Judge Joan Ericksen referred to a 61-year-old woman who took $840,000 from the couple next door as “coldblooded.”
U.S. District Judge Joan Ericksen was stern in her assessment of a 61-year-old Rochester woman who swindled a next-door elderly couple out of their life savings.
“This level of coldblooded manipulation is beyond what even a normal fraudster exhibits,” said Ericksen, looking down on Carolyn Jean Cassar, who stood silently next to her attorney. Ericksen added that “you knew what you were doing to the victims.”
Cassar was sentenced to five years in prison, 14 months more than federal court guidelines, although two years less that what prosecutors had sought.
Cassar, who pleaded guilty to wire fraud in July, bilked the couple out of $840,000, using ever more elaborate lies as she asked for increasing amounts of money.
The couple were identified only by their initials in court filings.
“I feel like she got off damn lightly,” the husband, 92, said outside the courtroom in the Federal Courthouse in Minneapolis.
“I personally think the minimum should have been 10 years,” said his son, 69, who also asked not to be identified.
From 2006 to 2012, Cassar borrowed money from the couple in 375 transactions.
“As she earned the victims’ trust and discovered that they believed everything she said, her lies became more frequent and more outlandish,” Assistant U.S. Attorney Kim Svendsen told the judge.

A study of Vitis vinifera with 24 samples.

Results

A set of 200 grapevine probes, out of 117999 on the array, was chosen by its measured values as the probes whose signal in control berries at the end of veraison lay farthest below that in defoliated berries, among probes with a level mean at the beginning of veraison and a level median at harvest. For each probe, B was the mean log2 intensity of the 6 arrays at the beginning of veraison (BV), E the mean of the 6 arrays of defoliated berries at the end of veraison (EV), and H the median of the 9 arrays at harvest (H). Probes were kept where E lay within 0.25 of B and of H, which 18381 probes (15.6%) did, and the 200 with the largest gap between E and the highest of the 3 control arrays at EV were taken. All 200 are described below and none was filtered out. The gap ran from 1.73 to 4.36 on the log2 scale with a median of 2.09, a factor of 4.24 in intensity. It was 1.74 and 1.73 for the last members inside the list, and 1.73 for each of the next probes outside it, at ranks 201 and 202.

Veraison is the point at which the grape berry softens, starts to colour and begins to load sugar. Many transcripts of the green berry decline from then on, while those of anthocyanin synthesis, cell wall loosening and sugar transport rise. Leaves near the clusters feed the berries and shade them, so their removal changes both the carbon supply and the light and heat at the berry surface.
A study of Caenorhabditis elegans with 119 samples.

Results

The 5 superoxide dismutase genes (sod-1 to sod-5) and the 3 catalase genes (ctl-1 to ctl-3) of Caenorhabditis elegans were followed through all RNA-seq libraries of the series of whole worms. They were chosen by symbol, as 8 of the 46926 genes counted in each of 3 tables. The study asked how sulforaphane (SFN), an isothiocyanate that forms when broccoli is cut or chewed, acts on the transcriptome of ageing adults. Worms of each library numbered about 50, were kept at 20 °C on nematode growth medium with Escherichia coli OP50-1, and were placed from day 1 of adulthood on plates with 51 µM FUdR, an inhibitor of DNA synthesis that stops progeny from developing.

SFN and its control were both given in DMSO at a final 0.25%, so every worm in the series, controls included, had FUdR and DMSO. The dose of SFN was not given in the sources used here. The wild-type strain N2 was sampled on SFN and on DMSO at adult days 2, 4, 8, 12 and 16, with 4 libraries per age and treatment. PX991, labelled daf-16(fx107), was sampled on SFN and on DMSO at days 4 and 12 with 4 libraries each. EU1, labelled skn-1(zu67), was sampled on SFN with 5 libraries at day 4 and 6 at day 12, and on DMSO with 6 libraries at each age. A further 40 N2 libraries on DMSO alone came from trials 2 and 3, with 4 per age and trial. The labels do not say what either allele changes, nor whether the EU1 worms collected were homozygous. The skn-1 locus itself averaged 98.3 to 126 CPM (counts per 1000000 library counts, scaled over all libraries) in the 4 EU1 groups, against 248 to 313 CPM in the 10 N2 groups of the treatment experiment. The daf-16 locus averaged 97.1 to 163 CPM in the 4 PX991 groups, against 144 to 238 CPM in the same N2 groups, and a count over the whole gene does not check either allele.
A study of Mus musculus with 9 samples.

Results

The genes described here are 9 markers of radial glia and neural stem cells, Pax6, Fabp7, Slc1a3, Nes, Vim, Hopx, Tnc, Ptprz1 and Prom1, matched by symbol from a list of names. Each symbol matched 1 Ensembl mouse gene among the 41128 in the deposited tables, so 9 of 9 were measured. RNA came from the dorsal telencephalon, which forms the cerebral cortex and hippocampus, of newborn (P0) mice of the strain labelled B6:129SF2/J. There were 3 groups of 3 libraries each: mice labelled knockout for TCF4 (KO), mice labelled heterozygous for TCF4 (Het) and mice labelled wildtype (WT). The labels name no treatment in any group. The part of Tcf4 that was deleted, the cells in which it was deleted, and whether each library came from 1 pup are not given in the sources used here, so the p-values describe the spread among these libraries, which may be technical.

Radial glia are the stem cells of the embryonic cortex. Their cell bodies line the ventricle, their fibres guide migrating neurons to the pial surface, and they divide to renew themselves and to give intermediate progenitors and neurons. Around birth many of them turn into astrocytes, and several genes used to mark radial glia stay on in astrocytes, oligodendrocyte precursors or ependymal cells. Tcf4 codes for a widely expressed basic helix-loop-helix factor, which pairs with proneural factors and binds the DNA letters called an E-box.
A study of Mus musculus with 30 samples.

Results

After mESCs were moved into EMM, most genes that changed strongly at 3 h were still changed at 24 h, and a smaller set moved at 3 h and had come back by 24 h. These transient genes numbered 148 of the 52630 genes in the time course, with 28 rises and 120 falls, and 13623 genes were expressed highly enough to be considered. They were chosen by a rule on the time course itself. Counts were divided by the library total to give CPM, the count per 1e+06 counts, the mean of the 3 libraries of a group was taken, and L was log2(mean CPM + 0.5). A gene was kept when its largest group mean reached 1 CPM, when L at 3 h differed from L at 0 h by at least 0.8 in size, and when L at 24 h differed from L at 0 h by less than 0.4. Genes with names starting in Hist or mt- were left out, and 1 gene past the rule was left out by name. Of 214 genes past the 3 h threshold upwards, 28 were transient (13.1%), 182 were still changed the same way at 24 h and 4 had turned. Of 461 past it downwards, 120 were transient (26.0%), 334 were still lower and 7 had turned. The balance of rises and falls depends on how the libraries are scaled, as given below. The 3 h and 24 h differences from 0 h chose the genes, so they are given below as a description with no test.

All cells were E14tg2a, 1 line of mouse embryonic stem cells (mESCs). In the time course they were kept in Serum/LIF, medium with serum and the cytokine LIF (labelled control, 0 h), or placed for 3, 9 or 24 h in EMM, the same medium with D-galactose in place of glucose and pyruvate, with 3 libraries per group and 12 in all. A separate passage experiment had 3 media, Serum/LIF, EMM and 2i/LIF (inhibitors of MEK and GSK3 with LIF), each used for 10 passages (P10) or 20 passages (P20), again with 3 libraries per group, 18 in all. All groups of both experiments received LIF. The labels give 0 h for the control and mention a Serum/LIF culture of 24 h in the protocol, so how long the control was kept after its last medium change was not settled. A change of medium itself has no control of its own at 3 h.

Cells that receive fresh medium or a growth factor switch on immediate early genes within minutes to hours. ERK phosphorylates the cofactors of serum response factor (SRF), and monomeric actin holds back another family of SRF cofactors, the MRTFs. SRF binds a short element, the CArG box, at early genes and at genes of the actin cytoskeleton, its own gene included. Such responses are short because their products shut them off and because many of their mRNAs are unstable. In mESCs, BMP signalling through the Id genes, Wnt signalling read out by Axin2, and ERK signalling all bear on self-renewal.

“As a result of her lies, Cassar was able to have all the things the defendants denied themselves their entire lives, including lavish vacations and expensive furnishings for her home, and the victims were left with nothing.”
Among her fabrications was the need to travel to Washington, D.C., so she could attend to the affairs of her daughter who died in a car crash and for trips to Italy to bring justice to a former business associate who had defrauded her.
In fact, she spent much of the money for flights to Europe for family vacations and trips to Italy so that American architects could study Italian architecture in preparation for building a mansion for her in Rochester.
Designs of her new house and copies of records of flights she took were included in court documents.
Other funds were spent on extravagant purchases and improvements to her current home.
Reynaldo Aligada, Cassar’s attorney, appealed for a shorter prison term, noting that because of her age she would not be prone to reoffend. Cassar had no comment at the sentencing, and Aligada had no comment afterward.
Ericksen ordered Cassar to pay for restitution to the couple, although given that much of the money has already been spent, that would appear unlikely. She was ordered to pay a certain amount of what she earns in prison to the court, money that would be forwarded to the couple.
Ericksen noted that Cassar had been complaining about some of the elderly couple’s property leaning against Cassar’s retaining wall.